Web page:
EDITORIAL

Reading the Bones

Vol. 342, Issue 6164, pp. 1291
DOI: 10.1126/science.1249076
CREDIT: COURTESY OF DR. GEORGE ARMELAGOS

The modern era of disease emergence and reemergence is attributed to issues ranging from the deterioration of the environment, which brings humans in contact with pathogens that jump species barriers, to globalization, which is expanding the reach of pathogens beyond their former geographic boundaries. The transition from foraging to agriculture about 10,000 years ago accelerated the emergence of infectious disease. But it was the rise in social inequalities within and between societies that created disparities in disease risks and access to treatments, conditions that are still evident in today's world. The calls for improving surveillance, research, vaccines, and behavioral change are indeed urgent, but what is also worrisome is the lack of an evolutionary perspective in formulating new strategies to confront this modern disease-scape. Paleopathology—the study of ancient diseases—not only provides an archaeological record of the adaptations and lifeways of ancient peoples, it is a source of information on the evolutionary epidemiology of infectious diseases. Reading the bones of the ancient dead can guide how we confront infectious diseases today.

CREDIT: WILLIAM SCHERLIS

The genomic analysis of pathogens in human remains, together with knowledge from oral history and tradition, provides a framework for understanding the emergence of modern diseases. As described in the News story on p. 1306, analysis of the graveyard of the Abbey of St. Peter in the province of Lucca, Italy, is revealing how epidemics such as the plague spread through Europe. It was once thought that a mutation in Yersinia pestis, the source of the Black Death, caused the plague's lethality, which wiped out about half of the European population during the Middle Ages. But paleopathologists working in conjunction with microbiologists and geneticists are discovering that the ancient pathogen is similar to the modern-day microbe. This raises the question of why the bacterium was so deadly in the past. The team has also discovered a mass grave, where they hope to recover DNA of Vibrio cholerae from the remains. This pathogen killed nearly 100,000 people in a worldwide pandemic in 2012. By understanding the evolution of this bacterium, scientists hope to discover the genetic changes that are associated with extreme virulence.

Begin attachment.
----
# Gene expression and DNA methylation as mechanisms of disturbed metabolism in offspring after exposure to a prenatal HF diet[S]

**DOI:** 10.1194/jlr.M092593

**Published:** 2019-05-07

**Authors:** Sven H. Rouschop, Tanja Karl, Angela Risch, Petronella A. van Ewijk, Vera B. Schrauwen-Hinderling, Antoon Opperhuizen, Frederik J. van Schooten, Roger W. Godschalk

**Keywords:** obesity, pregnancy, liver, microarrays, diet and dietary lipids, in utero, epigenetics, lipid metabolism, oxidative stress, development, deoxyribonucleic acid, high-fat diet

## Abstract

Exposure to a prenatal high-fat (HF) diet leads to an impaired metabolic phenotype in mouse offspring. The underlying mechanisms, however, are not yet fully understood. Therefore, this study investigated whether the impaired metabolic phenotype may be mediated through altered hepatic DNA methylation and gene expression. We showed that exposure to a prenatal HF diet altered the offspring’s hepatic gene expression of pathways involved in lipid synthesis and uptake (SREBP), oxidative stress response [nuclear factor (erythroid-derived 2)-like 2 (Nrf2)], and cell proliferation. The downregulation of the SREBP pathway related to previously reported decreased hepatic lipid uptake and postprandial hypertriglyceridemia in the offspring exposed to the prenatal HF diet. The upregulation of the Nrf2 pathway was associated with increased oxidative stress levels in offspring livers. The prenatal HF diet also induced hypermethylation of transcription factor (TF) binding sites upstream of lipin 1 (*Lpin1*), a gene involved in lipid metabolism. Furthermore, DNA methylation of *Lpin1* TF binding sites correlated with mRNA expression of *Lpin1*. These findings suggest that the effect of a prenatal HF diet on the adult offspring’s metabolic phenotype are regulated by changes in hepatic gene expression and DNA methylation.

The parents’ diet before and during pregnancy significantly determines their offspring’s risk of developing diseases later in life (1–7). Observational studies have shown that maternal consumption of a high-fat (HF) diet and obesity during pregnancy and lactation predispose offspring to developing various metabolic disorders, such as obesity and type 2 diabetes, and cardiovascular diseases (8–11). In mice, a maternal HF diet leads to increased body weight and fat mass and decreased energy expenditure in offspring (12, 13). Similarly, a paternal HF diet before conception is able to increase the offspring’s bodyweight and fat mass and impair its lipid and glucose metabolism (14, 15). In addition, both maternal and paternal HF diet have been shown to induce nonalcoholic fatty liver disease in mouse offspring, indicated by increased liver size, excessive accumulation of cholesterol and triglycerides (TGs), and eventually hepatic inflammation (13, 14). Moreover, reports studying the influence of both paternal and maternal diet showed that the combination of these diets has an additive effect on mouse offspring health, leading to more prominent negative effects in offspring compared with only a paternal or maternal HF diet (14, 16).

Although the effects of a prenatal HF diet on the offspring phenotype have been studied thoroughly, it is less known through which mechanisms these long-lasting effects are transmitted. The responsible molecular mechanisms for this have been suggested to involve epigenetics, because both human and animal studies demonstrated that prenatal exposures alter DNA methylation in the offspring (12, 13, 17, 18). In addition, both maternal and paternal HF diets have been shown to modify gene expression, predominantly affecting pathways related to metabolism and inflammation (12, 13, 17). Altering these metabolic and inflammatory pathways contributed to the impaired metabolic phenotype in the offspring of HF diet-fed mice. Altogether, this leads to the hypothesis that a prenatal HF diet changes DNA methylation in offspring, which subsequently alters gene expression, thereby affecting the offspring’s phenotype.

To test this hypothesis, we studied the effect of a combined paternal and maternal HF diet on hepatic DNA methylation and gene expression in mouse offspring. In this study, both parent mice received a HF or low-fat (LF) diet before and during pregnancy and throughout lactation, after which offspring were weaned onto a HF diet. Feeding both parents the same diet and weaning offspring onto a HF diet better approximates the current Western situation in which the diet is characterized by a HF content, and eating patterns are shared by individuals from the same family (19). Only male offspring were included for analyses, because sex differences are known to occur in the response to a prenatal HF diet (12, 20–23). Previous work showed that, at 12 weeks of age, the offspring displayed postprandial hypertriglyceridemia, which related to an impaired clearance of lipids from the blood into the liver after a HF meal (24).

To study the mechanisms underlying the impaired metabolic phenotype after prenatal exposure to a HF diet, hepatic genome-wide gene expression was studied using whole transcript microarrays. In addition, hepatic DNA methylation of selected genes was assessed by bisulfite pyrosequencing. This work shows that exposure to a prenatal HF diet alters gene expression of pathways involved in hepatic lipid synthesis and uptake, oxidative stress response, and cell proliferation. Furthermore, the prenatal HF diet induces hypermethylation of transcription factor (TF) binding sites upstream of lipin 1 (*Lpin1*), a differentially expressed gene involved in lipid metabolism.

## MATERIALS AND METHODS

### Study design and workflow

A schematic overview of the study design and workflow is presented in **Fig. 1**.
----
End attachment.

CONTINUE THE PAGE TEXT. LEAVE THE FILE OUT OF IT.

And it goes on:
The Italian project, like many other sites, involves remarkable support by the local inhabitants and human remains that are available for study. This contrasts with the situation in the United States. The Native American Graves Protection and Repatriation Act (NAGPRA) of 1990 requires that human remains affiliated with tribes must be returned to those tribes for reburial. It was the result of a compromise among organizations representing Native Americans, the scientific community, museums, and preservation interests. In many cases, NAGPRA has stimulated constructive interactions by all stakeholders. However, the Act hampers potential research and, although conceived with good intentions, is at times ambiguous. As a result of such legislation, the opportunities offered in Italy and other sites outside the United States have attracted many U.S. paleopathologists and bioarchaeologists. This is extremely unfortunate, as there is much to be learned from analysis of the ancient DNA of Native Americans. Understanding the origin and spread of smallpox, measles, typhoid, and other outbreaks in the New World will not only test long-held hypotheses about how disease devastated Native Americans, but should reveal the virulence of strains, how diseases spread, and how populations recovered. These are precisely the issues that researchers need answers to in considering future pandemics.

To expand the sources of ancient remains in the United States, the scientific community must increase its engagement with the public, policy-makers, and tribal communities in ways that clearly explain how access to human remains, in an ethical and respectful manner, holds great potential for understanding the diseases that affect their own health. Different ecological settings that characterize archaeological sites offer opportunities to examine patterns of disease, as well as adaptive potentials and constraints. Ancient bones can help us deal with diseases in the future, and scientists should have an opportunity to study them.